Prominent US Republican Senator John McCain said it is reprehensible that Pakistan’s spy agency maintains a close relationship with the Haqqani network that is responsible for American deaths in Afghanistan.
Addressing a packed hall at American think tank Carnegie Endowment for International Peace in Washington, Senator McCain said he had sympathy for Pakistan’s military since the Pakistani government is dysfunctional, but said that it remained a “source of never-ending frustration” that the Inter-Service Intelligence (ISI) had a continuous relationship with the Haqqani network, when Gen Ashfaq Parvez Kayani is responsible for appointing the head of the ISI.
In response to a question on Gen Kayani’s recent statement on India, the US senator said that while he appreciated it, the fact remains that the Pakistan Army’s best troops and equipment were on the border with India, and not Afghanistan.
He criticised the Obama administration’s policy on reconciliation with the Taliban. He said the US should have a strategic partnership with Afghanistan, saying it would “demonstrate to Pakistan that continued support for the Taliban will leave them more isolated and less secure.”
In response to a question on Kashmir dispute, Senator McCain said that it was not an excuse for Pakistan to not break ties with the Haqqani network. However, he admitted that Kashmir, ‘one of the most beautiful places on earth’, remains a longstanding problem.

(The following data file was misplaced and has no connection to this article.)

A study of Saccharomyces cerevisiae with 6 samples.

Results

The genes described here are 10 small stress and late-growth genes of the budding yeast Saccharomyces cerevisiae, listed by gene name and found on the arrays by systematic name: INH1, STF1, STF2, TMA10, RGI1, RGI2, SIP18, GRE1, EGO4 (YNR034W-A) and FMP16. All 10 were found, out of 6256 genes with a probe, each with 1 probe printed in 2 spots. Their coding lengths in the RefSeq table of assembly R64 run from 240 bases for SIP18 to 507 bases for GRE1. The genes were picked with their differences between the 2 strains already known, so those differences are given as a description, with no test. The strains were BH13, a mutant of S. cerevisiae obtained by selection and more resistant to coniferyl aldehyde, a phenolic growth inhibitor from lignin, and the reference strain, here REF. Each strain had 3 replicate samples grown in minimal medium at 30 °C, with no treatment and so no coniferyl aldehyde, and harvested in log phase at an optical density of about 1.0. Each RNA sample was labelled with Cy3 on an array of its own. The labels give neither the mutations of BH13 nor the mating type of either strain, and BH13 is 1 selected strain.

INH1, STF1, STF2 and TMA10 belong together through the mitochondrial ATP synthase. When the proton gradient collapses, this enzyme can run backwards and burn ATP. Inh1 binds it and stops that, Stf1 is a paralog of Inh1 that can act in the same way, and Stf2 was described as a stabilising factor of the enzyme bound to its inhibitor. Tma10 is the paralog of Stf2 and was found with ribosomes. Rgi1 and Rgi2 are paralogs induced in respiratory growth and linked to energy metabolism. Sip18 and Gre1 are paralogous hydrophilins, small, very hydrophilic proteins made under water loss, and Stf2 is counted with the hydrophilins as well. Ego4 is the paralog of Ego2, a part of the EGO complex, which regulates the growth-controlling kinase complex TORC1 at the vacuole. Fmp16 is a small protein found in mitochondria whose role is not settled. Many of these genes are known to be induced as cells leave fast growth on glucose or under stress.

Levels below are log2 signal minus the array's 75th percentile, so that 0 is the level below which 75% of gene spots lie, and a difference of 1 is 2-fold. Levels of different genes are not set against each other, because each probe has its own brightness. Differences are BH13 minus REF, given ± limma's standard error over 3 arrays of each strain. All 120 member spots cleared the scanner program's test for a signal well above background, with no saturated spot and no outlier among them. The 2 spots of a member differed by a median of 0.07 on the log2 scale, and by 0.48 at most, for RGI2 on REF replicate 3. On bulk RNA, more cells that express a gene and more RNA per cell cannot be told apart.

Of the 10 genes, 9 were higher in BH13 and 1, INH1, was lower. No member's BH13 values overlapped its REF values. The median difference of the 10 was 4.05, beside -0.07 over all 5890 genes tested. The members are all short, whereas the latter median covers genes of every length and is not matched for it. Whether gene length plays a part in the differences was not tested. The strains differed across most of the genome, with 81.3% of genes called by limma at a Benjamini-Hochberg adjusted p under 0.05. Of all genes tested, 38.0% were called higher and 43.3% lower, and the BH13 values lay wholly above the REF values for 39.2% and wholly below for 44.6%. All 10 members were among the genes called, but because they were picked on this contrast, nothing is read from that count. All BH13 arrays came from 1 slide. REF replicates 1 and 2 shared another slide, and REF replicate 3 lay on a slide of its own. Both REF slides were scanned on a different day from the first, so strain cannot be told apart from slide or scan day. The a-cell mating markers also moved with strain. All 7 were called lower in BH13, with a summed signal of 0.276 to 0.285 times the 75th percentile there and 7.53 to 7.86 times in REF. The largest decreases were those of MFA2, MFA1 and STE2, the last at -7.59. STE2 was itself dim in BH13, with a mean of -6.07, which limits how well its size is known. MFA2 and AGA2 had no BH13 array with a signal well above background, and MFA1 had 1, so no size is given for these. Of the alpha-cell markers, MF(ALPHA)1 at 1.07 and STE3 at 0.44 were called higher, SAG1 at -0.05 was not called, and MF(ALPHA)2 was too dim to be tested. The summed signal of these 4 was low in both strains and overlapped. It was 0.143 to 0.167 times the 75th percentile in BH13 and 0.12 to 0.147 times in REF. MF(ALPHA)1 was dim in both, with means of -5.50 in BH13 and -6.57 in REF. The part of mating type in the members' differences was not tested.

Senator McCain called the incident of US soldiers photographed with body parts of Afghans published in the Los Angeles Times as ‘deplorable and despicable’. He said it tarnished the work that US soldiers are doing out here, and said that 99.9% of young Americans serving in Afghanistan have the highest standards.
Earlier, Pakistan’s Ambassador to the US Sherry Rehman said that her country has no connection with terrorist organisations that are creating unrest in the region.
In an exclusive interview with Express News, Ambassador Sherry said the US has expressed concerns about its defence, but Pakistan, too, has ‘red lines’ that should not be crossed.
She said Pakistan does not consider Afghanistan a ‘strategic backyard’.
“Negotiations with the US will be held in light of the parliament’s recommendations,” she said, adding that “Pakistan will in no way compromise on its sovereignty.”
Published in The Express Tribune, April 19th, 2012.